Iqaluit’s Federal Road renamed Sivumugiaq Street
New name means ‘moving forward’ in Inuktitut and is dedicated to residential school survivors
Iqaluit’s city council has changed the name of Federal Road to Sivumugiaq Street, to commemorate residential school survivors.
Sivumugiaq means ‘moving forward’ in Inuktitut.
Coun. Paul Quassa presented during Tuesday’s council meeting in response to a letter Nunavut Tunngavik Inc. president Aluki Kotierk wrote to Mayor Kenny Bell in May.
In it, she proposed the idea to change the name of a road in the city to honour residential school survivors.
Kotierk wrote that residential schools have impacted Inuit for generations, and it would be fitting for that history to be acknowledged before Pope Francis’ visit.
The Pope is scheduled to arrive in Iqaluit on July 29, as part of a four-day trip that includes Edmonton and Quebec City.
Kotierk stated that Federal Road would be a good candidate for renaming, as it is the road that led to the Ukkivik Residence, where Inuit students who went to the Gordon Robertson Education Centre in Iqaluit lived.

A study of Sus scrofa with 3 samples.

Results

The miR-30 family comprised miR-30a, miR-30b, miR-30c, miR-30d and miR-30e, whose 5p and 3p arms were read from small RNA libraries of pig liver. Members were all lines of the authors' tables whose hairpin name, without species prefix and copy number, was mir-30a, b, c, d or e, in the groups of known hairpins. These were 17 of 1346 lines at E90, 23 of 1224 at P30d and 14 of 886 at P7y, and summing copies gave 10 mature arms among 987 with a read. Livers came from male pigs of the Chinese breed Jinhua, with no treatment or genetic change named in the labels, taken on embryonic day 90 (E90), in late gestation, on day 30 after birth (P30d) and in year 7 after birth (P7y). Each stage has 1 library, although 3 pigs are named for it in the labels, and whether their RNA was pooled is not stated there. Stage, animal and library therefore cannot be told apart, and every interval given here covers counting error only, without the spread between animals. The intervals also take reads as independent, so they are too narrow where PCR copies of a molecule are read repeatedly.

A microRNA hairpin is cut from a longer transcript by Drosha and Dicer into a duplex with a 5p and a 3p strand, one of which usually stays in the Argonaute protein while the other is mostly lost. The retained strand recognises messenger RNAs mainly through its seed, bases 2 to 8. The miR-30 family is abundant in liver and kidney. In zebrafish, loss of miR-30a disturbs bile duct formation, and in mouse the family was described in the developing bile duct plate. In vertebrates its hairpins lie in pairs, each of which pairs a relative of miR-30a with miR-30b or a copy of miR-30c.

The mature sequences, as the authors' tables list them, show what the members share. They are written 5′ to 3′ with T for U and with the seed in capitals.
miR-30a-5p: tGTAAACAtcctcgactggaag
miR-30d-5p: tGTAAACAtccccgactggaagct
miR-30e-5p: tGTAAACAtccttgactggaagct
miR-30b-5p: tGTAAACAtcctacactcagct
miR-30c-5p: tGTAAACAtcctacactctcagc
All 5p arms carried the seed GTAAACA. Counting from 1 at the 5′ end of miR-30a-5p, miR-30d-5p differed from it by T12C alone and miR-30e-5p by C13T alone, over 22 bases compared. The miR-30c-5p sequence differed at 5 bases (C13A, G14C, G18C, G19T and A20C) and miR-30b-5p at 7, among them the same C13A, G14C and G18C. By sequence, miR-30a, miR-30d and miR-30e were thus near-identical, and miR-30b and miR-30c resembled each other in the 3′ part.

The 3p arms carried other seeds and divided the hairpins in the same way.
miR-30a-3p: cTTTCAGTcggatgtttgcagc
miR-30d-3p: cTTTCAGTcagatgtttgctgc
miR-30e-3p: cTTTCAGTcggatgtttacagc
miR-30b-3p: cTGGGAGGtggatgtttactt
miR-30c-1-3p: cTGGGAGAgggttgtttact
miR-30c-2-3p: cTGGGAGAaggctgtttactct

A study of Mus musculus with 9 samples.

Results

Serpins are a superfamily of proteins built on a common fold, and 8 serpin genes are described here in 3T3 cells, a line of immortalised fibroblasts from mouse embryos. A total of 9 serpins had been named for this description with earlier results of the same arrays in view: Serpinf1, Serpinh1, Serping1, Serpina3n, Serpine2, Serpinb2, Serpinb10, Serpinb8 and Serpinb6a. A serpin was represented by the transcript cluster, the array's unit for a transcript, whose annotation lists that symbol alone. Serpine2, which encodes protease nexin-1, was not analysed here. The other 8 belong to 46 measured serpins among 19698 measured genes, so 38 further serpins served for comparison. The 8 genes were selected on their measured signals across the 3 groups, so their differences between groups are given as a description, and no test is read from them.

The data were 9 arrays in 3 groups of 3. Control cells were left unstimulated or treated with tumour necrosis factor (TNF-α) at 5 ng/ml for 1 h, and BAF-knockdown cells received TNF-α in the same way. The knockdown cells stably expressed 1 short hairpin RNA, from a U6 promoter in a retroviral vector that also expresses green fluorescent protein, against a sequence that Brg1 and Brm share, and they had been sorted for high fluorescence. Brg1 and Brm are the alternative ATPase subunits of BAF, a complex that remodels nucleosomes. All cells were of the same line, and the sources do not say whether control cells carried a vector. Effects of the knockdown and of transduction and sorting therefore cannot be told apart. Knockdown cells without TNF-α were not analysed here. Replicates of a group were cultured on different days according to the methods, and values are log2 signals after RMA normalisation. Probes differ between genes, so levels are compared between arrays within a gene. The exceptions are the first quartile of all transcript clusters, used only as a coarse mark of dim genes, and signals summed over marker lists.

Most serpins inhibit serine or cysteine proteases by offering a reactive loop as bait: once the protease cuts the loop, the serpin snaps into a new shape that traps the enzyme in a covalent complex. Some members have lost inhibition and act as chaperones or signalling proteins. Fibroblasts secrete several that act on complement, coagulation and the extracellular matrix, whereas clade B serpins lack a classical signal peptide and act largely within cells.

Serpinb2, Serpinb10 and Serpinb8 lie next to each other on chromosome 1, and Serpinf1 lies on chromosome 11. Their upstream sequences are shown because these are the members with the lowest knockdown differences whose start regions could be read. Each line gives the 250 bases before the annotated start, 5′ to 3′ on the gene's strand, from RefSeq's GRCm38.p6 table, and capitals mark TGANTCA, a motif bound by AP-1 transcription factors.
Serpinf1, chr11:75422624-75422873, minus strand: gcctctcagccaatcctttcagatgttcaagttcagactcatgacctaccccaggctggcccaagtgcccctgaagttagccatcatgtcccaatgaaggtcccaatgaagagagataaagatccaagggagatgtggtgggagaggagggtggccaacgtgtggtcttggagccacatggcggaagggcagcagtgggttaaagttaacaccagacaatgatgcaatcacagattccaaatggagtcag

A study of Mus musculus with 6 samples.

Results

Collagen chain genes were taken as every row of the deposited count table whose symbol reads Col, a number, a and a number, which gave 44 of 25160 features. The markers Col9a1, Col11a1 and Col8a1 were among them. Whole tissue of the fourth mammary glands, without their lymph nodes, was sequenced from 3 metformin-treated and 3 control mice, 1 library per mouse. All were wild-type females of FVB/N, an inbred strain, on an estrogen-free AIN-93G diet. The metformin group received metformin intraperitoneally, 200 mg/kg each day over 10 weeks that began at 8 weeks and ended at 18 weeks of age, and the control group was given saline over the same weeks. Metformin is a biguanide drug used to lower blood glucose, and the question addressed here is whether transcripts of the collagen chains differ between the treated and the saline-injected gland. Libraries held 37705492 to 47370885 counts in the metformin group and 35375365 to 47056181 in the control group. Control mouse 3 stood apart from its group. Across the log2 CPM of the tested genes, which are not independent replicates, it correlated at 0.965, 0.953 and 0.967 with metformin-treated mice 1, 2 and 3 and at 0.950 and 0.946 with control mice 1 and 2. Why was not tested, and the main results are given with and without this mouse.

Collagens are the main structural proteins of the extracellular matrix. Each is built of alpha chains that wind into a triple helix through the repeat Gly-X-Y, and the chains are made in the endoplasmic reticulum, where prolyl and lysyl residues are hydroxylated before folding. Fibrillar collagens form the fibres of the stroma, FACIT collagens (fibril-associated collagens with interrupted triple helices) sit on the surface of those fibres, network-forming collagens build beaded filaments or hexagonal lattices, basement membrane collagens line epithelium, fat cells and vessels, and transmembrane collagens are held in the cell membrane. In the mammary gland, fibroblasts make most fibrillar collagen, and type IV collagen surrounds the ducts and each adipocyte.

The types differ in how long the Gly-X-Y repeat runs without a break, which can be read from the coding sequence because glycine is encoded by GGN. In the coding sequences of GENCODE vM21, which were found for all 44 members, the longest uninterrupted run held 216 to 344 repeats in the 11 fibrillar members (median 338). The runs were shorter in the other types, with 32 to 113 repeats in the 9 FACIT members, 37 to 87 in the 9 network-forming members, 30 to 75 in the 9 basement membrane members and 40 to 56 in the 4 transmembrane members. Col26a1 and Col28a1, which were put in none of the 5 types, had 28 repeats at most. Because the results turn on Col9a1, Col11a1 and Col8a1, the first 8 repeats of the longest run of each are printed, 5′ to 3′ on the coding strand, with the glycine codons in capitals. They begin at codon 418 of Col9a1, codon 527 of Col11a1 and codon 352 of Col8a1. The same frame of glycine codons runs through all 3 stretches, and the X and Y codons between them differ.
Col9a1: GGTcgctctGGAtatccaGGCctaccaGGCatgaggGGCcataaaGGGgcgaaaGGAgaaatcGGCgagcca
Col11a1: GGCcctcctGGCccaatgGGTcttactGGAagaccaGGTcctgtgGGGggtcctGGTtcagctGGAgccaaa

She also wrote that she believes an Inuktut name would show the importance and fortitude Inuit have shown to “protect our language and culture, despite seemingly insurmountable obstacles and repression.”
Kotierk offered the same invitation to other Nunavut communities as well.
Council, which was made up of Mayor Kenny Bell, who attended virtually, and councillors Paul Quassa, Kyle Sheppard and Romeyn Stevenson, voted unanimously in favour of the change.
Ten street signs will be made, according to Iqaluit chief administrator officer Amy Elgersma.
The signs will be orange, to acknowledge residential school survivors. That addition was suggested by Bell, who said Iqaluit-Sinaa MLA Janet Pitsiulaaq Brewster gave him the idea.
The other three options for street names included Ilinniariaqpalauqtut, which means “residential school survivors,” Makilluta, which means “let us stand,” and Mamianaq, which means “sorry.”
Sheppard told Nunatsiaq News the city is hopeful it can get the signs replaced before the Pope’s visit.
While the city has had success in procuring materials it needs in the past, the ability to do so with the current global supply chain issues remains to be seen, he added.